Sparkford History

Sparkford is a small village in South Somerset, adjacent to the main A303 road which links London to Exeter and the South West. It is probably best known to holiday travellers journeying west on this route for its weekend 'holiday breakfasts', and for views of nearby Cadbury Castle, the site of so many Arthurian legends.

This aerial view of Sparkford shows the Church of St Mary Magdelene in the foreground with the A303 Bypass at the top of the picture. The large building alongside the railway line is Haynes Publishers, home of the renown car manuals. Sparkfords Cricket Ground can be seen just below the A303 overpass.

Our current population is around 500, mostly living along the old A303 and around Church Road. The village was mentioned in  the Domesday Book as Spercheforde, being part of the lands of Walter de Dowai, which was originally located on the land south of the Church, in the field that used to be called Lickhill, bordering the River Cam. There are still signs of old earthworks and foundations in this field. The first reference to the nearby church of St Mary Magdelene is that the first Rector was appointed in 1297. This settlement continued as a small village around the church and along the nearby Turnpike road. The Sparkford Inn and Posting House which dates back to the 15th century was a prominent building on the old London to Exeter road. The Sparkford Inn continues as a popular Hostelry to this day.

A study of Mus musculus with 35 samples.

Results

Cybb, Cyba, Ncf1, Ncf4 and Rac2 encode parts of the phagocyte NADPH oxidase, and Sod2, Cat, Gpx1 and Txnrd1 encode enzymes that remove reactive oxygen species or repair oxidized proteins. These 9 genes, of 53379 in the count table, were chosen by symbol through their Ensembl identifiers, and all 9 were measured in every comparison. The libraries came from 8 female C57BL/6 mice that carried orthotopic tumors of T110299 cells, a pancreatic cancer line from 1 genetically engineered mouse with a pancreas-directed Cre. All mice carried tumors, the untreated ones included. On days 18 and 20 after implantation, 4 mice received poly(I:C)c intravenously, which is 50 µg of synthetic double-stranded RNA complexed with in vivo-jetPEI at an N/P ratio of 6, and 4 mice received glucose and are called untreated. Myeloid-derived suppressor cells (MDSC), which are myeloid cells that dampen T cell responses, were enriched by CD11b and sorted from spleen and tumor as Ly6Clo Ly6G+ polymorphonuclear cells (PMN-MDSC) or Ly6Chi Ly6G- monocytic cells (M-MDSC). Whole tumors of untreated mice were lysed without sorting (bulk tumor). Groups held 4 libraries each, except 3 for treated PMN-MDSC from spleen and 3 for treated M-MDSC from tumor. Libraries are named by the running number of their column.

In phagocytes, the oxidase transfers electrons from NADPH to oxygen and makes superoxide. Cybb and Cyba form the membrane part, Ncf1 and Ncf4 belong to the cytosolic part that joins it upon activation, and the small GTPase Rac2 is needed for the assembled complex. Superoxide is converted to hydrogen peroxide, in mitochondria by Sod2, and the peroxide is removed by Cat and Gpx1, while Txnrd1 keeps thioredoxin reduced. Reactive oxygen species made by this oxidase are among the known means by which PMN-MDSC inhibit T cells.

Sparkford's long-standing association with the London - Exeter highway has been continued with the recent arrival of a new McDonalds, on the site of the old Wakes Garage by the A357 roundabout.

Sparkford is the home of Haynes Publishers - known worldwide for its car manuals and the Haynes Motor Museum of Classic and Veteran Cars. The Museum is often used as a start or finish point for car and motorcycle events and hosting visits by clubs. It has its own video cinema, cafe and bookshop.